Clinical Laboratory Detection of AmpC beta-Lactamase


Abstract


Plasmid-mediated AmpC-producing Escherichia coli and Klebsiella pneumoniae have been associated with poor clinical outcomes, but they are not readily identified in hospital microbiology laboratories. We tested 753 gram-negative bloodstream isolates for AmpC by using the EDTA disk test and the modified Hodge test (n = 172) and the modified Hodge test alone (n = 581). The 30-day mortality for the AmpC group was 9% (2/23) and was 6% (3/51) for the control group. The clinical response was similar: afebrile on day 2 (AmpC group, 16/23 [70%]; control group, 32/45 [71%]) and on day 4 (AmpC group, 19/22 [86%]; control group, 37/44 [84%]). Patients with isolates in the AmpC group were more likely to be in an intensive care unit at the time of the positive blood culture (P = .01) and more likely to be intubated (P = .05) than patients with isolates in the control group. Effective antibiotic treatment within the first 48 hours was given to 47 (92%) of 51 patients with isolates in the control group but to only 14 (61%) of 23 patients with isolates in the AmpC group (P = .001). The modified Hodge test and the EDTA disk test did not identify patients at risk for a poor outcome from AmpC-producing bacterial infections.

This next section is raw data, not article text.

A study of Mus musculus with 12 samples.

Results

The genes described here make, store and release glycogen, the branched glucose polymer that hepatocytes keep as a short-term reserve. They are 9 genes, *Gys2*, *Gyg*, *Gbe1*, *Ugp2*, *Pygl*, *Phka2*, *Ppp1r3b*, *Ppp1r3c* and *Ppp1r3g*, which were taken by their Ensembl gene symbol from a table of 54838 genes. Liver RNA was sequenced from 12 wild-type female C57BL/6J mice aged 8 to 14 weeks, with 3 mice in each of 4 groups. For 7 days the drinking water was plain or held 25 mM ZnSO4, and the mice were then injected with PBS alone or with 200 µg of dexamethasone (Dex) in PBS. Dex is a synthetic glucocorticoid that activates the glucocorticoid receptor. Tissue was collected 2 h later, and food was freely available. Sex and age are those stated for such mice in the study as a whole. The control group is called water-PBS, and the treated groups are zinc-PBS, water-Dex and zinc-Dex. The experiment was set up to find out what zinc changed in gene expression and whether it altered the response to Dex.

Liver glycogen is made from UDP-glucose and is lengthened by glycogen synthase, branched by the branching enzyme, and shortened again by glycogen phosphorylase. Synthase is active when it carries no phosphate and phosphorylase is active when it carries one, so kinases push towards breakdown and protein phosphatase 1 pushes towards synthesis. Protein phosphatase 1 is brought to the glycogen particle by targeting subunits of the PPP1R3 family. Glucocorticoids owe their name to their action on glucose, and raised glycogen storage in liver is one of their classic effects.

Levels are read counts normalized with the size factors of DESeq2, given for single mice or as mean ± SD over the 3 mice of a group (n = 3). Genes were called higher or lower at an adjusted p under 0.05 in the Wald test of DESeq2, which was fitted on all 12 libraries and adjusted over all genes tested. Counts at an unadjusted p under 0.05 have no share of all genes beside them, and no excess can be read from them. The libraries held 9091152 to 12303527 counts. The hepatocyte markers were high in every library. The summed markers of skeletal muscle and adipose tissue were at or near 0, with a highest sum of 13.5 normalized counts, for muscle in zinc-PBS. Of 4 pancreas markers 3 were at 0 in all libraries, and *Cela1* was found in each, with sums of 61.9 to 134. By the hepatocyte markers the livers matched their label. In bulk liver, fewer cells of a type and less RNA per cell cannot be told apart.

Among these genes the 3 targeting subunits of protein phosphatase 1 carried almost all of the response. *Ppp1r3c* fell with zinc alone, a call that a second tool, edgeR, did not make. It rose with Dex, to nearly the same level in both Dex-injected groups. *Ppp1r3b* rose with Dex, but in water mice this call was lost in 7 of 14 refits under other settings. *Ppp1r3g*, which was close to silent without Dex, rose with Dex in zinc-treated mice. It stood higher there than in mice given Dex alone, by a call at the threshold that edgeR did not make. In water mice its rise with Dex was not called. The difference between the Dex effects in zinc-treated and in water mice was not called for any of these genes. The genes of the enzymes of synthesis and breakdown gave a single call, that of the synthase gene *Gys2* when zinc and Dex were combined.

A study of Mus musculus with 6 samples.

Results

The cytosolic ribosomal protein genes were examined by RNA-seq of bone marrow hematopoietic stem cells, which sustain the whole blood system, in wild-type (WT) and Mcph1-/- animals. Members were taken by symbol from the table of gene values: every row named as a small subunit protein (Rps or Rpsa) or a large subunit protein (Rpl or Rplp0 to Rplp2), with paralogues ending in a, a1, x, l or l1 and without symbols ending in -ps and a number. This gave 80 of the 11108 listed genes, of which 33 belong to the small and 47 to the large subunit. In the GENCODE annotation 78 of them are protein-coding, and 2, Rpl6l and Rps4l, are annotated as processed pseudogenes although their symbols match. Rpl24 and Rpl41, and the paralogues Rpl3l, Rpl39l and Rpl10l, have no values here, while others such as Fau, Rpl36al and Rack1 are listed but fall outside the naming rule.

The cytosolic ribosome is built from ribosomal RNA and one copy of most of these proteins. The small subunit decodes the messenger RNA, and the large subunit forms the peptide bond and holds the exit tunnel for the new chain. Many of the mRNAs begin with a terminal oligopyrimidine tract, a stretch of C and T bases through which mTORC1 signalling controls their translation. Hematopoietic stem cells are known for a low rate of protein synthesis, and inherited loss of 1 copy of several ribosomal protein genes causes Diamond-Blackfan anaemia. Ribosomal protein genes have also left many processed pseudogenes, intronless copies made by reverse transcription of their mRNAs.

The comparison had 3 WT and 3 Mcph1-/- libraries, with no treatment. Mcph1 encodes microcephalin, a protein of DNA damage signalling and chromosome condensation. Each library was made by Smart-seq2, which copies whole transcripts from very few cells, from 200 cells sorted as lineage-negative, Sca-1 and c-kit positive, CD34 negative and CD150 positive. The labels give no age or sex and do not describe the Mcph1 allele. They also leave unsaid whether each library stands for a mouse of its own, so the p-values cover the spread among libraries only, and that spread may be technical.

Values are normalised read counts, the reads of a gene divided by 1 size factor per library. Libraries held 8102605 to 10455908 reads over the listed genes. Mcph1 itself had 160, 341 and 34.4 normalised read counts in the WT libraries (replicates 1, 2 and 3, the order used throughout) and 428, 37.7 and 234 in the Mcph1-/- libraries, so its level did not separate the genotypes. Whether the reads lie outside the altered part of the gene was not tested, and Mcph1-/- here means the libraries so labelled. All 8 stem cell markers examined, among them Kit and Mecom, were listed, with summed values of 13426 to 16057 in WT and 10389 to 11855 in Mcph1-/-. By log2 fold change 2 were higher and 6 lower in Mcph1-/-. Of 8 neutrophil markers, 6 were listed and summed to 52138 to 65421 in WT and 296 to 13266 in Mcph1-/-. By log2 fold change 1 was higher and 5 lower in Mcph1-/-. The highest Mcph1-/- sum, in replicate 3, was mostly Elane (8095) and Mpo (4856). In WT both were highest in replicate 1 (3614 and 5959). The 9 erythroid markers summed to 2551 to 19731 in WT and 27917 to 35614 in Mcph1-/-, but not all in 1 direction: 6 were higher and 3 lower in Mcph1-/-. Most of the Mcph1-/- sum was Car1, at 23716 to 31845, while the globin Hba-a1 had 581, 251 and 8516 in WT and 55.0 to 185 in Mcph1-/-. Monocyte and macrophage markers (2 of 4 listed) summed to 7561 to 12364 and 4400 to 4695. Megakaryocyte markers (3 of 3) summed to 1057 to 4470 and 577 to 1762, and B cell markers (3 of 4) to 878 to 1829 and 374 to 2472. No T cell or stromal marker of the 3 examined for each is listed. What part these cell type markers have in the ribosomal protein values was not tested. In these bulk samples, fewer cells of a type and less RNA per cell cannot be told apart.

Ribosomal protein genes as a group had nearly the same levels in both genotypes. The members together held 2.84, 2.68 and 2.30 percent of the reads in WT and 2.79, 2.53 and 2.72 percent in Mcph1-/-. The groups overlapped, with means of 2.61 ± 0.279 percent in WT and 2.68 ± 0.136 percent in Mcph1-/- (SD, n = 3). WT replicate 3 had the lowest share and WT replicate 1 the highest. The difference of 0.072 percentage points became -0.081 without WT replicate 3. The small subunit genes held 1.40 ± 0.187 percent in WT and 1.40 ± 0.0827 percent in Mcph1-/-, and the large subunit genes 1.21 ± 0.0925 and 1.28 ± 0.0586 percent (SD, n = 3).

Introduction


Escherichia coli and Klebsiella pneumoniae containing plasmid-mediated AmpC β-lactamases have been associated with treatment failure in a case-control study of bacteremia compared with organisms without plasmid-mediated AmpC β-lactamases. Pai et al reported a treatment failure rate of almost 52% for AmpC-containing K pneumoniae bloodstream isolates at 72 hours.

Unfortunately, plasmid-mediated AmpC β-lactamases are not reliably detected by standard susceptibility testing methods in the clinical microbiology laboratory. Black et al described the EDTA disk test, and Yong et al described the "modified" Hodge test for detecting the presence of AmpC β-lactamases that could be carried out routinely in a busy clinical laboratory. A similar test using boronic acid was described by Coudron. However, none of these tests can distinguish plasmid-mediated hyperproduction of AmpC from derepressed chromosomal or any other mechanism of overproduction of an AmpC β-lactamase. Intuitively, we believe the mechanism of AmpC overproduction should not matter for clinical outcome because, either way, such organisms should be resistant to all extended-spectrum cephalosporins, although perhaps not to the advanced-spectrum cephalosporins, cefepime and cefpirome. We compared the clinical outcome for 26 (23 evaluable) patients with bacteremic gram-negative isolates with overproduction of AmpC as measured by the modified Hodge test with 52 (51 evaluable) control patients whose isolates did not produce AmpC.